Canton Repository

April 29, 2006

Ney denies extension for charges

By Paul M. Krawzak
Copley News Service

WASHINGTON - U.S. Rep. Bob Ney, who is under investigation as part of a federal probe of bribery and corruption in Congress, declined to give federal prosecutors additional time to file charges against him when he refused to extend a legal deadline in a Miami-based criminal investigation this week.

The five-year window for filing charges expired Thursday without Ney’s agreeing to a second extension.

So far, there is no indication that Ney, R-Heath, has been indicted in connection with the fraudulent purchase of the SunCruz casino boats in Fort Lauderdale, Fla., in 2000.

Ney has not been charged with any crime, and he has denied any wrongdoing since his ties to convicted lobbyists Jack Abramoff and Michael Scanlon made headlines in late 2004.

Abramoff and Adam Kidan, a New York businessman, both pleaded guilty to defrauding lenders in their acquisition of the SunCruz gambling line.

Ney, who received campaign contributions from Abramoff and Kidan, has been under investigation for inserting comments in the Congressional Record in early and late 2000 that allegedly put pressure on then-owner Gus Boulis to sell SunCruz to Kidan and Abramoff.

In a statement issued Friday, Ney’s office said the congressman on Oct. 22 voluntarily agreed to extend the statute of limitations for six months. That extension expired Thursday.

“Congressman Ney remains eager to refute the baseless and unfair allegations reported in the media and he will continue to cooperate with inquiries into the conduct of Mr. Abramoff and his associates,” the statement said.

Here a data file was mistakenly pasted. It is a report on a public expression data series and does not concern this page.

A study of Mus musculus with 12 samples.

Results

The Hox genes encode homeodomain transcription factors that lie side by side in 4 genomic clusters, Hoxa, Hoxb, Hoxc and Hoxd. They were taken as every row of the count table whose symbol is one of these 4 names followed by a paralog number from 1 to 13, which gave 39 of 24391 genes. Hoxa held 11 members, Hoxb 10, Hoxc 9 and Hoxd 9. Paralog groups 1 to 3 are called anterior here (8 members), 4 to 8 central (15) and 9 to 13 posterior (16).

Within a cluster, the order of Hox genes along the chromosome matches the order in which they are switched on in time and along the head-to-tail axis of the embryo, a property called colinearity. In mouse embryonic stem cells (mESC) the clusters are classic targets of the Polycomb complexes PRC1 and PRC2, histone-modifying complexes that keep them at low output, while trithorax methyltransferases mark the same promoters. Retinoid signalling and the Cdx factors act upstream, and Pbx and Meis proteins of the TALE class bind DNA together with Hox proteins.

A source said Justice Department officials asked Ney for a second extension and he refused. Justice Department officials declined to comment.

Under the statute, prosecutors are barred from bringing charges more than five years after an alleged crime occurred.

But a former federal prosecutor said the passing of the deadline does not mean Ney is in the clear.

Roscoe C. Howard Jr., who served as U.S. attorney for the District of Columbia during the first term of President Bush, said it’s possible federal prosecutors issued a sealed indictment against Ney that has not yet been made public.

Another possibility is that the Justice Department could be planning to charge Ney with a related crime that occurred less than five years ago, Howard said.

Ney also faces the possibility of indictment in a separate investigation focusing on Abramoff and Scanlon’s scheme to defraud Indian tribes, among other possible crimes.

Abramoff and Scanlon, as well as Tony Rudy, a one-time aide to Rep. Tom DeLay, R-Texas, implicated Ney in plea agreements as a lawmaker who did legislative favors for lobbyists in return for a free golf trip to Scotland, free meals and tickets to sporting events, campaign contributions and other benefits.

Ney has spent more than $232,000 on attorneys who are trying to convince prosecutors he did nothing illegal.